We are living through a period of uncertainty that is unprecedented in our lifetimes. Recommendations for physical distancing, worries about health and finances, and juggling work and childcare responsibilities can lead to considerable stress for parents. These and other burdens are experienced disproportionately by black and brown communities, frontline workers, the poor, and caregivers of children with disabilities.
As a clinical psychologist specializing in trauma, parents and students have been asking me, “Are pandemics traumatic?” My answer… it depends. Although many children and adults will be resilient, others may experience significant and lasting traumatic stress reactions, including changes in thoughts, feelings, and behaviors. As the pandemic lingers, most of us have some anxiety, upset, and fatigue. Yet, individuals have varying degrees of reaction. There is an important distinction between normative levels of stress/anxiety and traumatic dysregulation—difficulty regulating emotional responses.
What makes an experience potentially traumatic?
Traumatic events involve the personal experience of danger that:
- Comes out of the blue, leaving little opportunity to prepare
- Is not in our control, leading to helplessness
- Includes the reality of chaos in the “real world” and the internal experience of feeling overwhelmed
Certainly, for many of us, the COVID-19 pandemic fits these criteria. Our routines of daily life are markedly changed. There was little warning of the coming disruptions. Now, we may feel powerless over returning to “normal.”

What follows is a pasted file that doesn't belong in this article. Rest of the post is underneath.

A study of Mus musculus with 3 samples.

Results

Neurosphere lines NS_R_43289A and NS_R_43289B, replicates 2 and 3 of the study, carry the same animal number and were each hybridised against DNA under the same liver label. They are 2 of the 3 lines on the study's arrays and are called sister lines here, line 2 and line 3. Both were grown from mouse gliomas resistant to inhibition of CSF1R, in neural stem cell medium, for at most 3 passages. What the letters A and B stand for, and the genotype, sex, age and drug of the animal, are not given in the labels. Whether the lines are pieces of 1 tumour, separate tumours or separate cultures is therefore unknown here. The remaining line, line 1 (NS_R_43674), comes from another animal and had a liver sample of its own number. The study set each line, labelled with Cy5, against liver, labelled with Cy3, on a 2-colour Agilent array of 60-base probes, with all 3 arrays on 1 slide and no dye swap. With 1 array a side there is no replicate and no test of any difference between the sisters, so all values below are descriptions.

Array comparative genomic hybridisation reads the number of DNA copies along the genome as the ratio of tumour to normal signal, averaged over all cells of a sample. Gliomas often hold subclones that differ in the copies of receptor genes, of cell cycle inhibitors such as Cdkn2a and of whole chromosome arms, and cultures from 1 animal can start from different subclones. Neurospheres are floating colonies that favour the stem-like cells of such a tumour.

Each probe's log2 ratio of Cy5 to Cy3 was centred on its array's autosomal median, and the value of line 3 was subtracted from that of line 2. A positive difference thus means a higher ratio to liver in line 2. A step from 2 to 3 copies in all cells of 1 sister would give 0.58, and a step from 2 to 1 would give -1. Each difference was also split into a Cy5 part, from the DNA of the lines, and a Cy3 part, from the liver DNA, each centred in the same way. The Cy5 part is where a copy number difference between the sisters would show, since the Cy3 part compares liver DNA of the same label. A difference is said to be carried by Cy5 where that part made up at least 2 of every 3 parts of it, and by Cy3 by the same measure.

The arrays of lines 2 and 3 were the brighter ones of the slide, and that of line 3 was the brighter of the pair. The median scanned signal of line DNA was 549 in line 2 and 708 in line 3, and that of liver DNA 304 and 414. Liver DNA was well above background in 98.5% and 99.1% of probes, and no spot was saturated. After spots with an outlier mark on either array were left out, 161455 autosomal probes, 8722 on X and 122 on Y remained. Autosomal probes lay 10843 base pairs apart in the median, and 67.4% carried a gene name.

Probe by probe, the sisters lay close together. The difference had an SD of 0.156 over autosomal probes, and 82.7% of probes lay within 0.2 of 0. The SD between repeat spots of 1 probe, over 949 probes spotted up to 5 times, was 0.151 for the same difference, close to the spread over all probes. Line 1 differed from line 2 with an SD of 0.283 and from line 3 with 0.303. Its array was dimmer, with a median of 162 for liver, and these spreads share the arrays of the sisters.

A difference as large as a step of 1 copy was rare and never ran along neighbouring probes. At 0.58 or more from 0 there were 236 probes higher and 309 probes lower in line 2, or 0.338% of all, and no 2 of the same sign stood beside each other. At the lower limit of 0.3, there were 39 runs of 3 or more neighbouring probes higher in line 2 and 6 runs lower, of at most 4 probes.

Our children are also affected. They miss their friends and teachers. The need to follow strict rules and wear strange masks may lead to confusion or anger. Children may wonder, “Will this ever end?” For some neurodiverse children, school closures mean a lack of needed interventions for their social, emotional, behavioral, and academic needs.
When pre-existing strengths, capacities, and coping strategies are outmatched by vulnerabilities brought on by the pandemic, when the level of impact is significant (for example, loss of a loved one or extreme financial distress), and/or when there is insufficient external support, individuals, including children, may become overwhelmed and traumatized.
Fortunately, a trauma lens can inform our parenting as the pandemic continues. Research has shown that social support is a key protective factor following upsetting experiences. Care and concern from a trusted adult are what children need most right now.
Tips for trauma-informed parenting
- Most importantly, prepare to meet your child’s needs by recognizing what you are experiencing and caring for yourself.
- Practice self-compassion. Imagine how a friend might respond to your self-criticism and replace inaccurate, unhelpful thoughts with encouraging ones.
- Reduce your child’s sense of being overwhelmed by listening and responding to concerns.
- Increase predictability in your child’s environment by developing and maintaining reasonable routines.
- Provide structure but be flexible (remembering self-compassion when attempts fall flat).
- Increase your child’s feelings of control by providing age-appropriate choices (allow your child to select clothing, snacks).
Remember that your child does not need a perfect parent. Instead, your presence and caring support are what your child needs most, now and always.
Megan Goslin, PhD is a clinical psychologist and associate research scientist in the Yale Child Study Center. She has been providing treatment and assessment to children and adolescents for 15 years.